And you sit down to eat. The first bite is filled with sagey goodness, and the luscious thickness of the beans is comforting on a cold January night. The carrots add a touch of sweetness, and the soup as a whole has a complex flavor that belies the simple ingredients. Both you and your husband enjoy the warmth of the easy yet filling Tuscan Bean Soup.
As the leftovers sit in the fridge, they do absorb a fair amount of liquid. I found that if I wanted to enjoy them as soup, then I had to add water or broth. But, I also found the drier leftover soup made an excellent quesadilla filling. Just throwing that out there, if you're feeling adventurous.
Tuscan Bean Soup
Moosewood Daily Special
2 c. diced onions (about 1 large)
1 c. peeled and diced carrots (2-3 medium)
4 garlic cloves, minced or pressed
1 T. olive oil
15 large fresh sage leaves (or other herbs)
6 c. cooked pinto, Roman, or small red or white beans*
3-4 c. vegetable stock, bean-cooking liquid, or water
salt and pepper to taste
*Beans: 3 15 or 16 oz. cans, undrained. Or, 2 c. dried beans yields about 6 c. cooked.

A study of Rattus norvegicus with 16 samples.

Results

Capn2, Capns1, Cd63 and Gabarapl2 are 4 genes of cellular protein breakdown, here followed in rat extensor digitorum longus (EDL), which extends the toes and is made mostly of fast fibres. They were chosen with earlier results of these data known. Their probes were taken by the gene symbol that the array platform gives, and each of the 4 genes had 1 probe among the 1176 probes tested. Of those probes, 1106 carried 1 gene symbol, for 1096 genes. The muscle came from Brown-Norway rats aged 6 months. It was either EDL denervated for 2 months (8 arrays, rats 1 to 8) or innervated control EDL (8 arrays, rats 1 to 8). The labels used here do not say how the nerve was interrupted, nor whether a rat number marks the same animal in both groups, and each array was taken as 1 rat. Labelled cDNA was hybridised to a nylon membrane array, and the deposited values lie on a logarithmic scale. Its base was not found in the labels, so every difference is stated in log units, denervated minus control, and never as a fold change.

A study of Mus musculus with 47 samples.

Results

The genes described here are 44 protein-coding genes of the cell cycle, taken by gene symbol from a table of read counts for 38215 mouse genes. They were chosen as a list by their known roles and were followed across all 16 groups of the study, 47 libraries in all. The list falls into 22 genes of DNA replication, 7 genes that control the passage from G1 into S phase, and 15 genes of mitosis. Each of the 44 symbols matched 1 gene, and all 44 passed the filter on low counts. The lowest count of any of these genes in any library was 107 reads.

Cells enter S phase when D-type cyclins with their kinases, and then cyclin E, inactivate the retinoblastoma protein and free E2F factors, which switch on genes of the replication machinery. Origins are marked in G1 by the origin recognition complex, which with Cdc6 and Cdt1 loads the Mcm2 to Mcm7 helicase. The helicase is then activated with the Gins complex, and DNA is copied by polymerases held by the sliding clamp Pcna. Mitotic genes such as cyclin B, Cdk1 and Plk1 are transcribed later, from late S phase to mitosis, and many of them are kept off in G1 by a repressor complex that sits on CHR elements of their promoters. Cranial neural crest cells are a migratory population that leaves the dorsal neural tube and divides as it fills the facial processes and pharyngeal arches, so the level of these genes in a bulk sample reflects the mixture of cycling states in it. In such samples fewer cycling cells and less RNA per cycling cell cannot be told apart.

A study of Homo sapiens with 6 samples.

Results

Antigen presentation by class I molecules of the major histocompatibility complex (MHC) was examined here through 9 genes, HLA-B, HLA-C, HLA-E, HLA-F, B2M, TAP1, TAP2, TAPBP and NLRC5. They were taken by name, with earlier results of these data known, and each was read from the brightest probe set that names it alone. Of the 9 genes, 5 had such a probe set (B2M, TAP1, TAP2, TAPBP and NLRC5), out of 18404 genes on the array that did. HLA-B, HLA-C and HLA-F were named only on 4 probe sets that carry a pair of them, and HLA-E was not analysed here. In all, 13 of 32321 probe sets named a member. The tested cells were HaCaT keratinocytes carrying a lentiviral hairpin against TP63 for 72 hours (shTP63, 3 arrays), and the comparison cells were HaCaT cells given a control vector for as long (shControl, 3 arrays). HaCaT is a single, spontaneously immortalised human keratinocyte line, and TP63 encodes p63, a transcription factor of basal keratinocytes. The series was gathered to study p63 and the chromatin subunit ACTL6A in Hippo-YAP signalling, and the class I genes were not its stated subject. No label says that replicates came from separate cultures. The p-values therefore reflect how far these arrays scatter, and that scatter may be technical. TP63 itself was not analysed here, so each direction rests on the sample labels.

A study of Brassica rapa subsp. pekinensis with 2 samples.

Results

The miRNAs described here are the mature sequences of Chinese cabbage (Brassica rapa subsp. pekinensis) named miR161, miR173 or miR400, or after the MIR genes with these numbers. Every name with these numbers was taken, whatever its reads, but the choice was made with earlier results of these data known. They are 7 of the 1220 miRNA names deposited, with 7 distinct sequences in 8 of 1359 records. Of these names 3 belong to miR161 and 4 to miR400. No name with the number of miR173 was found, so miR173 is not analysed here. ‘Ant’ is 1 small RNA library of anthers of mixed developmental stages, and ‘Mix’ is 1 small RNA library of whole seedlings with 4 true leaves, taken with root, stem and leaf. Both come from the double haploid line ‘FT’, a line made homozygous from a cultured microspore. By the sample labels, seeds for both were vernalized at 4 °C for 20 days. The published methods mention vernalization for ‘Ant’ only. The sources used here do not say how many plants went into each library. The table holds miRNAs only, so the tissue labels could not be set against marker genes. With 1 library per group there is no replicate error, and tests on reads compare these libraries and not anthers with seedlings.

In a soup pot, saute the onions, carrots, and garlic in the olive oil on medium-low heat until the onions are translucent and the carrots are tender, about 10 minutes. Stack the sage leaves and cut them crosswise into thin strips. Stir the sage into the vegetables. Add the cooked beans and 3 c. of the stock or other liquid. Continue to cook on medium heat, stirring occasionally, until the soup is hot and simmering, 5 to 10 minutes.
Carefully ladle about 3 c. of the soup into a blender and puree into smooth. Stir the puree back into the soup. (Using an immersion blender sparingly also works.) If you wish, add more liquid for a less thick consistency. Add salt and pepper to taste. If necessary, gently reheat the soup. Serve hot.